Updated: Apr 15, 2020
Mateo and I spent the afternoon sitting on the fence of the corral, watching Carlito break in a young bay called Rayo, Lightning. As always, Mateo was holding a thermos in one hand and his maté bowl in the other, ready to share a maté with anyone who happened to share his company. Carlito stroked the white flash on Rayo’s forehead, and presented him with a saddle. The long leather rectangle has a padded arc at the front and back, and a gap running the down the middle criss-crossed with leather thread. The stiff panels on either side are embossed with patterns and pictures of horses.
“This, brother, is a recado.”
Rayo sniffed it and snorted, then looked to Carlito, bemused. Carlos swung it onto Rayo’s back, and just as the leather hit the horse’s fur, thunder cracked in the distance. Rayo’s eyes widened; what in God’s name was this recado and why did it break the sky. Carlito laid a flat palm on Rayo’s neck. Rayo seemed to understand.
One by one, the sudadero, the mandil, the basto, the cincha, the pelego and the sobrecincha were all hoisted onto Rayo’s untried back. The Uruguayan tack hasn’t changed since before the invention of the buckle, so all these layers are held together by endless lengths of cow-gut leather (cuero) looped between metal rings. Coming from Spain, where the saddle comes in one piece and sits directly on the horse’s back, it all seems enormously inefficient to me. Perhaps I’m missing the point. Even so, it only gets more counterintuitive in the untacking stage. You take the whole get-up off the horse in one piece, then dismantle it and place the layers on the rack in reverse order. Your recado ends up inside out, ready to be painstakingly assembled on the horse’s back for its next outing.
The upshot is that Mateo and I had time to drink a fair few matés before it was time for one of us to try getting on Rayo’s back. (Maybe that’s the point?) Today, it was Mateo’s turn. I’d already had my run in with yesterday’s chestnut, who was now tied to the fence of the corral in the hope that she’d learn by watching the lesson. She was more interested in watching the storm. Thunder was striking more frequently now, with lightning flashing in bolts and scratches over the lagoon to the south. Mateo gently swung himself onto the saddle and began to bid Rayo move.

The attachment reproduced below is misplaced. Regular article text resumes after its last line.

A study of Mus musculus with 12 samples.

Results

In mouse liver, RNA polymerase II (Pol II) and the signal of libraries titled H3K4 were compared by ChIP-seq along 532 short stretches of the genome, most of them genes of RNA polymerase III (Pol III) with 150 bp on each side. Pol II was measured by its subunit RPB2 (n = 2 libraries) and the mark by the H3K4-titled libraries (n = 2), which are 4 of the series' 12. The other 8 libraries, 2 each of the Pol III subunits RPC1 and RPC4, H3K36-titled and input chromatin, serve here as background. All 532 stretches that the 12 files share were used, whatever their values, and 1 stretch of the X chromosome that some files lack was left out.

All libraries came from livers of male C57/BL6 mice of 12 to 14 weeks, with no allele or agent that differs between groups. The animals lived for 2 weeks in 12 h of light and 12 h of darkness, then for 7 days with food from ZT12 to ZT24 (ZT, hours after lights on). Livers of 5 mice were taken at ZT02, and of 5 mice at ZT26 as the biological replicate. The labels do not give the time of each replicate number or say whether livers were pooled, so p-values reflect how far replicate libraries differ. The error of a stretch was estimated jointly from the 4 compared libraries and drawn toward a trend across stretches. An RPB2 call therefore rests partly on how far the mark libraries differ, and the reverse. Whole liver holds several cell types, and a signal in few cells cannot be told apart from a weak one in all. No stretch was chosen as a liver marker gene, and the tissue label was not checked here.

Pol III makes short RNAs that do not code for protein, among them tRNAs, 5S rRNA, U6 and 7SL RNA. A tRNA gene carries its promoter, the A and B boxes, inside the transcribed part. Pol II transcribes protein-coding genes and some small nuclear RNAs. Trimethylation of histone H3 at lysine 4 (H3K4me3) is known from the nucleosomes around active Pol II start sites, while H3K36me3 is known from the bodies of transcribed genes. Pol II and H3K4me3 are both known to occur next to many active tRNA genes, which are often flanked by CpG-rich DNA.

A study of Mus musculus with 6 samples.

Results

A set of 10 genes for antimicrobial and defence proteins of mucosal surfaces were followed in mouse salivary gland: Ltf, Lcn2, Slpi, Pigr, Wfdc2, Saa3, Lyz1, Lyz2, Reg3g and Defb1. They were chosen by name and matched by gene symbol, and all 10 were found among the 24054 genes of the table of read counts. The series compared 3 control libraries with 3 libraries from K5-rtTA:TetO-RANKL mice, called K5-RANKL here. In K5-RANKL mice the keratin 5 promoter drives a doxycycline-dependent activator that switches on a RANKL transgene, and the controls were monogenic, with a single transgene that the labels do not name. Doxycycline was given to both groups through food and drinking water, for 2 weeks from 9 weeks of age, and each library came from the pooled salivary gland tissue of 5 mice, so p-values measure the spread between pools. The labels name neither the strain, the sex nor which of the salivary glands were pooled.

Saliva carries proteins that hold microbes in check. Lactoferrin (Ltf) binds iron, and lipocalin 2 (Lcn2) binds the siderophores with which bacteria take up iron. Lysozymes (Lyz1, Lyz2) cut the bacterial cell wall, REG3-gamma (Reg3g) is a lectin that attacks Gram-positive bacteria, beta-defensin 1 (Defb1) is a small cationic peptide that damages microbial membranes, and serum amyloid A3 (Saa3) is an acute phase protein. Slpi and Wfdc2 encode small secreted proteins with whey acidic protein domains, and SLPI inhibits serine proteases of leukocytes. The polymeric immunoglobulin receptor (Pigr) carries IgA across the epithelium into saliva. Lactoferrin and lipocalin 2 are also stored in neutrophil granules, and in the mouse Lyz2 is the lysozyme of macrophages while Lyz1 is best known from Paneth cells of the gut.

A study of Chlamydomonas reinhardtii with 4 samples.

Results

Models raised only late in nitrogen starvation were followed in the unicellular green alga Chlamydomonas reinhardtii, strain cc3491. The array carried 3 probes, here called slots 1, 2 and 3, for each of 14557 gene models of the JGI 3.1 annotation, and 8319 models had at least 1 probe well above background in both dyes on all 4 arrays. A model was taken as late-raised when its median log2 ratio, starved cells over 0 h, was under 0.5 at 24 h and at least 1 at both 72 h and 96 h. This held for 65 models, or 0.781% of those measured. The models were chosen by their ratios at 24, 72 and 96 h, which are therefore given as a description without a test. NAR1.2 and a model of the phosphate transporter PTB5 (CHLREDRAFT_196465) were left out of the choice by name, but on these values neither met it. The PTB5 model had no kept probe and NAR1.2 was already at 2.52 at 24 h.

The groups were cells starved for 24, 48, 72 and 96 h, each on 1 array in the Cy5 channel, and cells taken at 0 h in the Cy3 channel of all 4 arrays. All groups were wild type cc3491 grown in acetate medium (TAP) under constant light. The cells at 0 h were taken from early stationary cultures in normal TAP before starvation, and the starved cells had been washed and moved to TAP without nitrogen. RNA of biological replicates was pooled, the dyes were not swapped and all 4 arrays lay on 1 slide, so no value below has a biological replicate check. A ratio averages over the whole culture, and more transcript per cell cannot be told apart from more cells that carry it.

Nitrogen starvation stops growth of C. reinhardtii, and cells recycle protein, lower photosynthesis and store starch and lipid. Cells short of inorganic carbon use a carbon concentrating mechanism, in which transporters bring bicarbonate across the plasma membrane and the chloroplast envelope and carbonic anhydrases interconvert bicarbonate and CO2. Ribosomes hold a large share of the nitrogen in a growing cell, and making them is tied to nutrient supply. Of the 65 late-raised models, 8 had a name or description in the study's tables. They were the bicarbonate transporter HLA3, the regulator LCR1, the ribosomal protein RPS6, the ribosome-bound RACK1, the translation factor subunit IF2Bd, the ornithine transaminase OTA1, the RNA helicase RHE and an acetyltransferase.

Rayo’s first steps took him west, past the swirling disc of leaden cloud, and towards a greenish patch of sky where the daylight trickled through the watery curtain like the sun through a curling wave. Another lap of the corral, and the storm was churning close over the field.
“We’ll stay until it starts raining,” said Carlito, turning up his collar.
One more lap, and the world was washed from vision in the downpour.
Panting, laughing, and soaked to the skin, Carlito, Mateo and I crowded in the doorway of the tack room and watched. No one said a thing. The estancia was striped and muddled, as if the rain was running down a windowpane. It couldn’t last for long. We knew it couldn’t, but hoped to the heavens that it would. Soon the power cut out, and we settled down on the mismatched benches of the tack room to share maté, listen to the twangling guitar of folkloré, and marvel at the storm. It’s easy to hail the simple life, but the truth is that the afternoon wouldn’t have been the same without Mateo’s Spotify and a Bluetooth speaker. We slid open the doors to let the light in and, dimly aware that we should really be at work, we absent-mindedly rubbed oil on the recados while Carlos’ told stories of the best pingos he ever trained, and the worst consequences of wearing espadrilles instead of riding boots. Mateo, a born and raised Argentinian, had a great deal to contend with about the espadrilles.
Eventually, the maté bowl was shining bright as leather from being passed between our oily hands, and the thermos was finally empty. The atmosphere in a group changes when the last drops of water slowly trickle out.
“Che,” says Mateo, “Dude, how about some tortas fritas. Can’t have a storm without tortas fritas. Yes or yes – they’ll be making them down at the container.”
‘Si o si’, yes or yes, is a Uruguayan phrase I’ve come to love. It means ‘definitely’, and, suffice to say, the weather had brought fried dough to the container where the polo grooms live, and I did want to try my first ever torta frita – si o si.